Flooded Streets and Houses

Floods in the UK


Two prolonged storms hit the UK in quick succession, the first bringing heavy rain and dangerously high winds, the second much the same but really piling on the misery for home and business owners as rain fell on to already saturated ground and further filled streams and rivers leading to some of the worst flooding in living memory.

The debate about the causes – Global warming? Over development? Building in flood plains? Taking away soft, draining grounds? Well, they are perhaps for another day.

Right now, thousands of people are busy with the big clean-up. As water recede and homes drain, owners are left with a mud/sewage residue, damage or loss of furniture and prized personal possessions and severe damage to plastered walls, wooden doors, skirtings, architraves, carpets, electrics and kitchens.

To begin putting things right, a fast assessment of damage must be carried, photographs taken and insurance companies notified. Once they have granted permission, work can begin. Ruined items can be put in the front garden for collection, and items that might be salvageable put outside to air and hopefully dry. Anything that can be kept should be thoroughly disinfected.

Once a home has got wet, it is vital to get it dry quickly to prevent the growth of mould. Ventilation combined with dehumidifier use (once electrics have been checked by a qualified electrician) will achieve the best result. Irreparable plaster should be removed quickly, revealing bare brick that will begin to dry.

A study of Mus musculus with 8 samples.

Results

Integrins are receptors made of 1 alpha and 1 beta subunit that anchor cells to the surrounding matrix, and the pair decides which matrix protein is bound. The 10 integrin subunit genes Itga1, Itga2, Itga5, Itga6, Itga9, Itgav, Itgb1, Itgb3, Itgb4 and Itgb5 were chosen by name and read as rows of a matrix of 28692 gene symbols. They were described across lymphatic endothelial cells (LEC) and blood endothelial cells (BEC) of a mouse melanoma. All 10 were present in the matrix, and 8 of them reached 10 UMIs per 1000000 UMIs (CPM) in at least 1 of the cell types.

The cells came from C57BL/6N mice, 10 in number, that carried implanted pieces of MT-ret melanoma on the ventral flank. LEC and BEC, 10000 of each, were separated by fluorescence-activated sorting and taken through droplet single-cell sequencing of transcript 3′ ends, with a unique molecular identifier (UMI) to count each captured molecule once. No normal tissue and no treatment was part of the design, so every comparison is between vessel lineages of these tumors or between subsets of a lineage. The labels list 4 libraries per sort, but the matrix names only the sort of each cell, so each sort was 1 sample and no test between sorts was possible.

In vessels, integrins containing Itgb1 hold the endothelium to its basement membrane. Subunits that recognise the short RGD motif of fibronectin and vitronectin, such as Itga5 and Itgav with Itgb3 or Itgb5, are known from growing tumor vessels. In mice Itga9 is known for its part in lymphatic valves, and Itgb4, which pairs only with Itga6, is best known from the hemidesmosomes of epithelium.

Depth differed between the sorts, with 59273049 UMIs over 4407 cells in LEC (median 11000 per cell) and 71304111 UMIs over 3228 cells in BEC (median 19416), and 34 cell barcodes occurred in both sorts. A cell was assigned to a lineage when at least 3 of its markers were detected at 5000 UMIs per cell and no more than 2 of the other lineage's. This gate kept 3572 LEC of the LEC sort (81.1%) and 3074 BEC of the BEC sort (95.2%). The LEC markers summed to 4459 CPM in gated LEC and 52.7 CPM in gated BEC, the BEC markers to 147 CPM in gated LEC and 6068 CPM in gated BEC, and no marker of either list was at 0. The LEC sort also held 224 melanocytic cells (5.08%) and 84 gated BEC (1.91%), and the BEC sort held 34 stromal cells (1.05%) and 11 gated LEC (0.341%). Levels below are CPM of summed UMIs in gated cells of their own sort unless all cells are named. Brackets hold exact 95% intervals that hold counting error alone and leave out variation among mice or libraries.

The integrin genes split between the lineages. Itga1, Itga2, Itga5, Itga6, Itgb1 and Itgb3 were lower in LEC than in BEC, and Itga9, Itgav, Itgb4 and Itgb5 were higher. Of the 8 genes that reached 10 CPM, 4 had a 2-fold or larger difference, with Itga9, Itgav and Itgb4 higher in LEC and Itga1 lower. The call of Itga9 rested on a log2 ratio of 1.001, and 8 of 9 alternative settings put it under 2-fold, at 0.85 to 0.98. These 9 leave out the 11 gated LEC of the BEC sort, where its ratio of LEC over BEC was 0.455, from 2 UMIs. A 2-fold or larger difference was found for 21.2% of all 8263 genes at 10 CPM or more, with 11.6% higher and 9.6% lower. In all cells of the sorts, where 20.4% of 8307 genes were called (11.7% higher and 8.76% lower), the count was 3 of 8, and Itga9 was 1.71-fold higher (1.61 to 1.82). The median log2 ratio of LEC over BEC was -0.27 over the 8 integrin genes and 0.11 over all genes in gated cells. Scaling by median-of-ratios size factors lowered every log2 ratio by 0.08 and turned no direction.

Flooding and the Impact on Cavity Walls


Cavities should be checked to see if insulation is soaked and if so this should be removed as a priority. Ruined carpets, soft furnishings and curtains should also go.

Your council, flood warden and insurance company should all be able to advise you on reputable companies who can help and insurers may even do everything for you, including finding alternative accommodation. Unfortunately, the average flooded home needs many different trades to put things right – cleaners, rubbish removers, electricians, gas engineers, plasterers, cavity wall extraction companies, decorators, carpenters – it’s a very long list and takes a lot of organising, especially when in an area when many properties have been flooded and demand for trades is high. We suggest that you don’t pay traders in advance – sometimes disreputable firms swoop on an affected area to charge extortionate amounts for shoddy works.

As floods seem to be increasingly common, consider flood prevention when making good, just in case there’s another incident. There are many quite simple things that can really make a difference, you can get Government advice here.

Finally, if you consider yourself to be potentially vulnerable (nobody would blame you, flooding is a terrible experience), well you need to seek help. Citizens Advice, your council and flood warden should all be able to assist you in your time of need so don’t suffer in silence.

Good advice for tenants can be found here.